Hawkesbury River monster
Carnivore, Aquatic, Photographed, Featured in Native folklore
The Hawkesbury River monster, often shortened to HRM is a long-necked river monster reported in the Hawkesbury River, a 122 kilometre long, 120 foot deep river in New South Wales, Australia. It is described as having a seal-like head with a flexible, swan-like neck, large body with patchy black and gray skin, two sets of flippers with an eel-like tail. The animal was first heard of by settlers in the 1800s, although there is Aboriginal rock art over 3-4,000 years old in the area that describes the creature. The settlers were told stories by the Aboriginals of women and children being attacked by the moolyewonk or mirreeular, both of them Aboriginal names for the animal.
In 1912, the Sydney based newspaper, The Evening News, featured an article of a four-foot long animal described as resembling an alligator that was seen by a boating party. In 1924, a man known as W.J. Riley claimed to have seen a five to six-foot long serpentine animal swimming in the Hawkesbury River near Windsor. It was described as being “unpleasant-looking,” with sandy-coloured skin and a square-shaped, fish-like tail.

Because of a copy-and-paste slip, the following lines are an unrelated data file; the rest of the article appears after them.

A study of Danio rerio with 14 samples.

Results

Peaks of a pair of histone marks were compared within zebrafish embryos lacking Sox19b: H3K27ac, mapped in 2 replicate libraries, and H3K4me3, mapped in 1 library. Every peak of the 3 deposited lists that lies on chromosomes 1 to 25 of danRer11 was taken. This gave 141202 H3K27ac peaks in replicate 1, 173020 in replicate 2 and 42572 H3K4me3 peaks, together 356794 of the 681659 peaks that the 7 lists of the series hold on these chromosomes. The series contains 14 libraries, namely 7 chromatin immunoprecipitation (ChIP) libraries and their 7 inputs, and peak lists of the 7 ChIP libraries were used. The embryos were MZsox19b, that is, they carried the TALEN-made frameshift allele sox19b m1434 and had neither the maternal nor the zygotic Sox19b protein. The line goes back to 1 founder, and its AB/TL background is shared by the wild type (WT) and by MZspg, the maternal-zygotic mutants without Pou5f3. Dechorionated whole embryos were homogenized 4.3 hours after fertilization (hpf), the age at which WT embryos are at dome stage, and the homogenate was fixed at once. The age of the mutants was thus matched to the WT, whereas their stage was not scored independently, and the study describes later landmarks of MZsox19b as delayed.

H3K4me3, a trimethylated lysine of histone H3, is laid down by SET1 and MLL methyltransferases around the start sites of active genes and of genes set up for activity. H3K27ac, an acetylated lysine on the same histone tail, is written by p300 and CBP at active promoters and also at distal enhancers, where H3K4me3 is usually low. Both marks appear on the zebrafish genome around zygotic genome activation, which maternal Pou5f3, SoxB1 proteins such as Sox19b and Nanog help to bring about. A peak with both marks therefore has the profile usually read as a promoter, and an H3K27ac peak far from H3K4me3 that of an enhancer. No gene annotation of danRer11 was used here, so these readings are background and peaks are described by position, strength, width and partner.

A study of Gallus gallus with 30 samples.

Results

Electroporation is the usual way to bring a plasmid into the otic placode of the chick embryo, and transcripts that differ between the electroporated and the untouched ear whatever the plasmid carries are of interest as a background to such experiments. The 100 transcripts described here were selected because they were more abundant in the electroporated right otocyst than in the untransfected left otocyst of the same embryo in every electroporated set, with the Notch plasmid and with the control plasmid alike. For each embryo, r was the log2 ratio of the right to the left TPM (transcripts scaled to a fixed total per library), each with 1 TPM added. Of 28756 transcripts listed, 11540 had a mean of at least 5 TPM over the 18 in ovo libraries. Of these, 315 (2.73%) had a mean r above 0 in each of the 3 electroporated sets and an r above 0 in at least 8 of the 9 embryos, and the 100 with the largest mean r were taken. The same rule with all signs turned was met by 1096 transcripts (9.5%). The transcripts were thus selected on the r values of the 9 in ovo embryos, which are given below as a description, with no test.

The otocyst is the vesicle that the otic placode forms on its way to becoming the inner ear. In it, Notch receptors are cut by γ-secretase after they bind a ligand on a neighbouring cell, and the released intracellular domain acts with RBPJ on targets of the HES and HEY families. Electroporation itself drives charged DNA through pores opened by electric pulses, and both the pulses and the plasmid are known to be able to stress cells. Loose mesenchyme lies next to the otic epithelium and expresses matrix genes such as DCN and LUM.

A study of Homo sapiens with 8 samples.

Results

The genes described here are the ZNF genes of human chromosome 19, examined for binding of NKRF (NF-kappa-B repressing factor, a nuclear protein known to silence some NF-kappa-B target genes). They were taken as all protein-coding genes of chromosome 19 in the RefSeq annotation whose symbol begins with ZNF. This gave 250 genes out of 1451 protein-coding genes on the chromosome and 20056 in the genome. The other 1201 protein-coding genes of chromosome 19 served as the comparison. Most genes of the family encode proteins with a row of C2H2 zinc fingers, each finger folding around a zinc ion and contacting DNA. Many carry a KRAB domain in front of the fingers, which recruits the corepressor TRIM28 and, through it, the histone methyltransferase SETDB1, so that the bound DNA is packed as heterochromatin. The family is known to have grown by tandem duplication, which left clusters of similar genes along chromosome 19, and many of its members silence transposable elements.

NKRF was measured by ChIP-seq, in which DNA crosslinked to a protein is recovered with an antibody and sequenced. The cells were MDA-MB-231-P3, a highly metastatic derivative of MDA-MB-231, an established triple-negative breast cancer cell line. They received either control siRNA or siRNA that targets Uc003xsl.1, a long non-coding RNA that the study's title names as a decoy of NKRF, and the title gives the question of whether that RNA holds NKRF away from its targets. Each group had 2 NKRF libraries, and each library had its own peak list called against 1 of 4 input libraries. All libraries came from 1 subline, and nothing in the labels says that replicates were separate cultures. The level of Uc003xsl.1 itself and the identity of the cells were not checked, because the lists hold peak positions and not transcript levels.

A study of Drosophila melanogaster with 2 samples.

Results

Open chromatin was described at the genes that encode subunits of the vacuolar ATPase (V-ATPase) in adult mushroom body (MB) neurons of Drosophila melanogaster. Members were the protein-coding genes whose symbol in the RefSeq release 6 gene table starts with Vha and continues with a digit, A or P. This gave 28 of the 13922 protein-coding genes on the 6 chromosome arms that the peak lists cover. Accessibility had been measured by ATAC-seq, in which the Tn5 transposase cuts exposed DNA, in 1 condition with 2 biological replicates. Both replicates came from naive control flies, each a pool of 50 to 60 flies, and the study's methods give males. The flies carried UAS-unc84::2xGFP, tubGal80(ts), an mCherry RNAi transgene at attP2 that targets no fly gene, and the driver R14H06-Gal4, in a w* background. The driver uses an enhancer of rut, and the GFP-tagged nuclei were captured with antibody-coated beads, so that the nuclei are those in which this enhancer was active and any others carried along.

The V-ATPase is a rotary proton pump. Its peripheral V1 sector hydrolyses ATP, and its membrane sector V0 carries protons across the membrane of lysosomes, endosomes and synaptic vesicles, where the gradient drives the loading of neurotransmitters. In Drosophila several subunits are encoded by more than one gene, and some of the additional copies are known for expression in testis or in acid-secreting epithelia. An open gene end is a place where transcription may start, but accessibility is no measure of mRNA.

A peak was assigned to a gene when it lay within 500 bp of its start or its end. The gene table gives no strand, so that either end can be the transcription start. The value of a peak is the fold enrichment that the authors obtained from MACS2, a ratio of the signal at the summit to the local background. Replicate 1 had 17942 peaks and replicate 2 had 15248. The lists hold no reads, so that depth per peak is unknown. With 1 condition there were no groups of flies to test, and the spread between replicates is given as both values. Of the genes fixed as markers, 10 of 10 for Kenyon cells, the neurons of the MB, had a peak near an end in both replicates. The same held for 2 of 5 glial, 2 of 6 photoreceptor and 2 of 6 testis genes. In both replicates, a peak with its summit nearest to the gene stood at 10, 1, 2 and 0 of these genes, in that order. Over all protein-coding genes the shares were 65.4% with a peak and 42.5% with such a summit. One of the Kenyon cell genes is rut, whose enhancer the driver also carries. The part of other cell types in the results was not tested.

Sightings of the Hawkesbury River monsters started to increase in the 1980s, with many reports of them attacking boats. One rumor claims that a man was fishing in his small motorboat when something large and dark, just under the water, was making huge ripples and splashes, started ramming the underside of his boat. The man was knocked out of his boat and frantically started swimming to the shore, with the creature following him from behind. Luckily, the creature suddenly swam away and the fisherman survived with only minor injuries.